Hello Holiday Season: It's Prime Day

Well, we're off to the races, folks. Amazon Prime Day(s) kicked off today (October 13), and with it, many retailers responded in kind with their own promotions and discounts. Let's unpack what's going on in retail this week.

First off, some context on Prime Day. It's typically happened in July, a kind of "Christmas in July" type event, and it was a few days of deals available only to Prime Members. Remember, for a monthly fee, Prime Members get free shipping, access to special content, and you've got it, special prices on merchandise.

In 2020, however, July wasn't the right timing, considering how bruised many retailers' supply chains were after the peak of the COVID-19 outbreaks, so Amazon indefinitely postponed the event. Amazon held back on announcing the dates of Prime Day until a few short weeks ago.

Of course, Prime Day isn't just an opportunity for retailers to offer up straight discounts, it's an opportunity to connect with their most loyal customers. Specifically, many retailers have jumped on the loyalty-membership boat in recent years, in fact Walmart just launched Walmart+, a membership program not dissimilar to Prime, where members get free shipping, streamlined store experiences, and other perks with membership. But it's not just the superstores who are offering memberships. Take Nike, who offers its members special access to new releases and of course, sales, all accessed via its app. There's clear value in close engagement with your best and most loyal of customers.

So with Prime Day's announcement a few short weeks ago, retailers across the spectrum quickly planned their own discounts, some of which pre-empted the actual Prime Day event. Starting with this past weekend (October 10 - which also included a public holiday in the US), we saw special deals and discounts galore. In our sample of specialty retailers, we saw an average promotional discount of 43%, on top of the item-level discounts.



Let's pivot and look specifically at Amazon's Prime Day offers. Many of their discounts have historically centered on electronics and home goods, but as they've increased their focus on fashion, apparel and accessories have become an important part of their Prime Day offering.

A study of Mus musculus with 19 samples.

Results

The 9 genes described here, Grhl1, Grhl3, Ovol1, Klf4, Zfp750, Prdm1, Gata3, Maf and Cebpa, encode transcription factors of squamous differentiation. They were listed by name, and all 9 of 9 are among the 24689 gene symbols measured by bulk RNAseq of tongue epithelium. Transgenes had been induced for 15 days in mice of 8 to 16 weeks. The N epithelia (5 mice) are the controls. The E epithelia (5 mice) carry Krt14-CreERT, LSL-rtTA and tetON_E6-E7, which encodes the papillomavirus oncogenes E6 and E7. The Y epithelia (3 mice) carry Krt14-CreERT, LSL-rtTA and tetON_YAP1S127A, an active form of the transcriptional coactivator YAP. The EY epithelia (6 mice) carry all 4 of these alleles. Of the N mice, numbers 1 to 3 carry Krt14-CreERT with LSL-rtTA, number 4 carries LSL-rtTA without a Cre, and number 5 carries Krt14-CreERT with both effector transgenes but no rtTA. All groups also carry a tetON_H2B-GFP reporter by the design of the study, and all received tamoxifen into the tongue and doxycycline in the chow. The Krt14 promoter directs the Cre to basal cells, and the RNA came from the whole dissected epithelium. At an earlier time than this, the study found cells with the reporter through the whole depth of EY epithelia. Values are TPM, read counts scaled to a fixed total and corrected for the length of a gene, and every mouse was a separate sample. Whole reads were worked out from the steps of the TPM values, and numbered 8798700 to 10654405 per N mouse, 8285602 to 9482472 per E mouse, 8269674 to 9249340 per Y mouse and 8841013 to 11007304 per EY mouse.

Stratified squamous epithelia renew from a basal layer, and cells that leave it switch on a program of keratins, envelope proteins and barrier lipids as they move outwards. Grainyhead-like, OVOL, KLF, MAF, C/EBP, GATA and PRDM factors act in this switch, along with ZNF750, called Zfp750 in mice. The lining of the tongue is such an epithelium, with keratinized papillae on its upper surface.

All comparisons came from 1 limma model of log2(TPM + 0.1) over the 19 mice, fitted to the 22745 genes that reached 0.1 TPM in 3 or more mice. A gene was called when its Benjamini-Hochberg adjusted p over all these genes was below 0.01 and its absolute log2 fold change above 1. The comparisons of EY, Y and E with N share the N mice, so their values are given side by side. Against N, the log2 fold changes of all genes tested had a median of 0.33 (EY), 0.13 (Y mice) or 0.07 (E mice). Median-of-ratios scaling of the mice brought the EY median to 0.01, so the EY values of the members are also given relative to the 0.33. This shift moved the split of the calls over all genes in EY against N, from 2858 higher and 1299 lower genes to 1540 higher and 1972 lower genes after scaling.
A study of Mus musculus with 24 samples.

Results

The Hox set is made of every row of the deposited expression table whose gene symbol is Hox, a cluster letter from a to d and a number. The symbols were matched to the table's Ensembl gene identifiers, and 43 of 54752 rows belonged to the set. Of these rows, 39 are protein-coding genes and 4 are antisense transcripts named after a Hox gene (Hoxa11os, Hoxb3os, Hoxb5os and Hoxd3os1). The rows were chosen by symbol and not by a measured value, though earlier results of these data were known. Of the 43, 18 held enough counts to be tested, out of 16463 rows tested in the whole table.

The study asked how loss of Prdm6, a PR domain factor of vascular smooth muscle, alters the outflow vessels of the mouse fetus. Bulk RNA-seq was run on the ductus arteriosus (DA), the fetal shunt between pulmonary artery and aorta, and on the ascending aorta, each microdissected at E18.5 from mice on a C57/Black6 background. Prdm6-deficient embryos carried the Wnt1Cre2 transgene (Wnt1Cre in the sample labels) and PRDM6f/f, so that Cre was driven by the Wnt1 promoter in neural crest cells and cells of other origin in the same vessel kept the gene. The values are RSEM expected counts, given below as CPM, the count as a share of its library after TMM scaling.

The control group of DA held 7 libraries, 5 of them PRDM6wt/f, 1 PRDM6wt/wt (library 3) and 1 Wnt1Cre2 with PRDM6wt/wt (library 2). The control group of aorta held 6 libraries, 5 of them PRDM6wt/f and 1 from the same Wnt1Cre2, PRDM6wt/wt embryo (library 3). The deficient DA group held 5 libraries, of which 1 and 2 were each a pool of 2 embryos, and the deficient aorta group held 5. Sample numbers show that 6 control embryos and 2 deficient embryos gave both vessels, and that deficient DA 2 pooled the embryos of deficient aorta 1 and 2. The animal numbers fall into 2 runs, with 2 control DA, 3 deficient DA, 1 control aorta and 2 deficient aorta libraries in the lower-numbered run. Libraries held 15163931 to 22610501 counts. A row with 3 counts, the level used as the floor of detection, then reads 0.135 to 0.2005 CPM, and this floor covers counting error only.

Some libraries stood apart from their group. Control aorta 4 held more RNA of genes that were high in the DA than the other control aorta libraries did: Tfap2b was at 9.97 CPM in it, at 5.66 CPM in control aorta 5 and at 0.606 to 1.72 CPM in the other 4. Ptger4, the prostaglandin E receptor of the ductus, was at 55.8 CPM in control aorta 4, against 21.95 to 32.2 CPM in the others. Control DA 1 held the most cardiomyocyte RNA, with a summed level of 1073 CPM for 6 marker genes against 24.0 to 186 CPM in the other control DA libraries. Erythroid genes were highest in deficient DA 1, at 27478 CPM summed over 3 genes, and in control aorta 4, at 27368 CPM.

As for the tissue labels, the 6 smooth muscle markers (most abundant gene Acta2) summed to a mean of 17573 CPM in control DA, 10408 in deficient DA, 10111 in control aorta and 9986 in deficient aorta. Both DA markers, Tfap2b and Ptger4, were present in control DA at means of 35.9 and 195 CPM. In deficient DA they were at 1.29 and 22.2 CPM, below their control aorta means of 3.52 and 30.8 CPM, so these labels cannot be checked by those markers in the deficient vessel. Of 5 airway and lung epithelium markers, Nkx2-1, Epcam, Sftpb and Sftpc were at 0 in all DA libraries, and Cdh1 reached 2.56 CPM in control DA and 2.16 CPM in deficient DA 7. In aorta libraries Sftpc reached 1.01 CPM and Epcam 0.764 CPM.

amazon amazon Click and scroll to see more.

What would a promotional event be without some marquee brands? With Prime Day deals including brands like Calvin Klein, Adidas, Levi's, and Under Armour, Amazon is pulling out all the stops for the event. But how do these stack up to discounts on these brands from known national retailers like Macy's and Kohl's?

discounts While at first glance the Amazon deals might look better, keep in mind, it's on a select group of merchandise, not the entirety of their brand assortments.


Other retailers took an app or loyalty-focused approached to deals. Nike offered deals only for members on its app, Asos did similarly with app-focused discounts. Target's deals were for its Circle members only. Kohl's offered extra savings for its credit cardholders, while Banana Republic added extra discounts on sale merchandise, but made some items final sale.
asos nike banana republic

Will this Prime Week be enough to get Amazon and fellow retailers off to a solid start this holiday season? Early estimates indicate that the boost is happening. Amazon is expected to rake in $9.7 billion this Prime Day, an increase of roughly 40% from 2019. What's more, Salesforce data showed that as of 7 a.m. ET Tuesday, online spending was up 33% for non-Amazon sites when compared with the same hours of the first day of the sales event in July 2019.

Stay tuned with us as we track the evolution of this holiday season!